Acceptable Grounds for Divorce in Tennessee
A trusted source for divorce counsel in Knoxville for more than 40 years
In the state of Tennessee, you can file for divorce under two grounds: fault and irreconcilable differences (Tennessee’s equivalent of “no fault.”) And while the urge to claim that the divorce is the fault of your significant other may be strong, your circumstances must fit within the legal definition of fault in order to do so. At LaFevor & Slaughter in Knoxville, our skilled divorce attorneys can help you understand what “fault” really means in a divorce proceeding, and offer you practical guidance and legal strategies designed with your best interests for your future in mind.
Grounds for divorce in Tennessee
A “no fault” divorce occurs when two spouses agree that they have irreconcilable differences and the marriage cannot be saved. They simply cannot live as husband and wife any longer, and choose to file for divorce to end their marriage. The grounds in a no-fault divorce is always “irreconcilable differences.” A no-fault divorce is different from a legal separation, where a couple remains legally married but lives in separate residences, divides their property and develops a plan for child custody and support, if necessary. It is also different from an uncontested divorce, which occurs when the parties cannot agree on grounds, support, custody or property division.
The remaining grounds for divorce in Tennessee under the state law are, in brief:
- The inability to procreate
- The wife being pregnant by another man without the knowledge of the husband at time of the marriage
- Desertion or absence without reasonable cause for a year
- Abandonment (or pushed the spouse from the home for no good cause without support)
- Criminal conviction that “renders the party infamous” or a felony that lands your spouse in prison
- Attempting to kill your spouse
- Refusal to move to Tennessee with your spouse for two years without reasonable cause
- “Habitual drunkenness or abuse of narcotic drugs” contracted after marriage
- “Inappropriate marital conduct” sometimes called cruel and inhumane behavior
- Living apart for at least two years, provided you do not have children under the age of 18
- Living under the terms of a legal separation order for two or more years without reconciling.
There are specific requirements to each of these grounds that are best discussed in our office, given that the laws can change at any time, and that some circumstances may seem like one ground for divorce but actually fall into another category.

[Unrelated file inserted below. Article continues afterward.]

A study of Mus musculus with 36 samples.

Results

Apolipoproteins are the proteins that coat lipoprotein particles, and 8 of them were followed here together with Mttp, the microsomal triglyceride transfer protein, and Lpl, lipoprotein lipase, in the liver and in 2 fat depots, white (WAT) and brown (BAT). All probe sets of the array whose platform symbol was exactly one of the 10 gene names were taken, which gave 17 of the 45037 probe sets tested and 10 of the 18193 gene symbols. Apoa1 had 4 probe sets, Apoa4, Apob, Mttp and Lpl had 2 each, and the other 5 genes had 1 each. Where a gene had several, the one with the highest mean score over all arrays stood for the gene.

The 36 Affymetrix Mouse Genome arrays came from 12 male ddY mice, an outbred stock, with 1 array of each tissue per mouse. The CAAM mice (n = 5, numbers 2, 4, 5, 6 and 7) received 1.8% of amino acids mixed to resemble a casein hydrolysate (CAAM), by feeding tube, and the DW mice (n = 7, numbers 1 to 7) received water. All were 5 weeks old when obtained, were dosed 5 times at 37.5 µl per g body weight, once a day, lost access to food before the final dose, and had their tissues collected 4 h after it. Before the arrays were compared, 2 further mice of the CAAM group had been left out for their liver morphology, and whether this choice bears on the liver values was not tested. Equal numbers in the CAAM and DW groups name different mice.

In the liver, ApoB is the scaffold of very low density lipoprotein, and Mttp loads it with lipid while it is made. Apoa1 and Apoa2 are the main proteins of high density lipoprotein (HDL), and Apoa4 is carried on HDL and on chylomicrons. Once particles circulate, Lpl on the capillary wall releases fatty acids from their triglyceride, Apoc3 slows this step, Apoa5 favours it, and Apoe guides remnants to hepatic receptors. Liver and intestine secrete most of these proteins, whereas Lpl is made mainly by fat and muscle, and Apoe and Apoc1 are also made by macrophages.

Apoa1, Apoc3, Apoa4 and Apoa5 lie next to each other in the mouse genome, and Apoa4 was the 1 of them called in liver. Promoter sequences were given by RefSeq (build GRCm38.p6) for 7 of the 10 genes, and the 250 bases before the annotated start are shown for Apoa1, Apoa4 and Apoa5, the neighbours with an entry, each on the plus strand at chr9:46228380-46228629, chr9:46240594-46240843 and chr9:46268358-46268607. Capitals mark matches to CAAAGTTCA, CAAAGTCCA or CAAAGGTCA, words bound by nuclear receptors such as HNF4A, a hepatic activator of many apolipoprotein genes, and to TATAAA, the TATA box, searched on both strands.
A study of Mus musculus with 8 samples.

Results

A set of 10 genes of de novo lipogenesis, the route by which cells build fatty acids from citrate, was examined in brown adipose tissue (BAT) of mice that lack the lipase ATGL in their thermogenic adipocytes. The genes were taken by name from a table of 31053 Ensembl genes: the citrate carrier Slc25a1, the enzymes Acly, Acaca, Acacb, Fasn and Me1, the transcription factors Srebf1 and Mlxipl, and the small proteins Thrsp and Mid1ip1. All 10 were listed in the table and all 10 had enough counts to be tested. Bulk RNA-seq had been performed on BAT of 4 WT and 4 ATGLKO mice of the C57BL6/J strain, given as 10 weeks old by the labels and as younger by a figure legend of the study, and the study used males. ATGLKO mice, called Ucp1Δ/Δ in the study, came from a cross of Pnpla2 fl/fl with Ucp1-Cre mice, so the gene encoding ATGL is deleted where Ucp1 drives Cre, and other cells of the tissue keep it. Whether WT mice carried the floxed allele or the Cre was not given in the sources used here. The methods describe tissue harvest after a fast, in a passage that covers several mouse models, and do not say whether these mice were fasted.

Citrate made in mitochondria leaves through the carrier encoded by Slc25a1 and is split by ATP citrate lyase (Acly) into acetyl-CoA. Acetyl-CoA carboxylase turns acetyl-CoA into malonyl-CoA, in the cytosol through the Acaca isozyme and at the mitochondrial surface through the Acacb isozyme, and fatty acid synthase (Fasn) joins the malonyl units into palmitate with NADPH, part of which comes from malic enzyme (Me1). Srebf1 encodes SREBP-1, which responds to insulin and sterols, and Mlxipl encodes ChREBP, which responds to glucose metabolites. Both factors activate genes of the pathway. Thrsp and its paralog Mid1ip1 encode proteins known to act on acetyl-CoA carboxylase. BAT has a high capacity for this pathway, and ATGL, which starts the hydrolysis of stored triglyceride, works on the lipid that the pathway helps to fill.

When grounds affect the rest of the divorce proceedings
It is important to remember that why you file for divorce could have an impact on the remainder of the proceeding. For example: if you file for divorce under cruel and inhumane treatment, and we are able to provide evidence that your spouse is abusive towards you or your children, then you stand a greater chance of being granted sole physical or legal parenting of your children. However, if you are seeking a divorce because your spouse committed adultery, you are not guaranteed a “better” alimony award; in truth, you are not guaranteed an award at all. This is because child custody and parenting time are determined in the best interests of the children, while spousal support is granted based on the ruling of the judge using different criteria.
These issues may be further exacerbated if you or your spouse are active duty, reserve or veteran service members. Any member of the armed forces whose spouse is claiming abandonment even if that person had orders to deploy, should immediate seek out counsel with experience helping military families through a divorce in Tennessee. Firm founder Jim LaFevor has spent the better part of four decades working closely with service members in all branches of the armed forces, and is intimately familiar with how the rules and regulations change with each branch.
Your options could change depending on how you file for divorce in Tennessee
Filing for a divorce can be complicated; let us help you through the process. At LaFevor & Slaughter, you always works with a skilled attorney who puts your best interests first. To schedule a consultation, please call us at 865.272.4454 or contact our Knoxville office.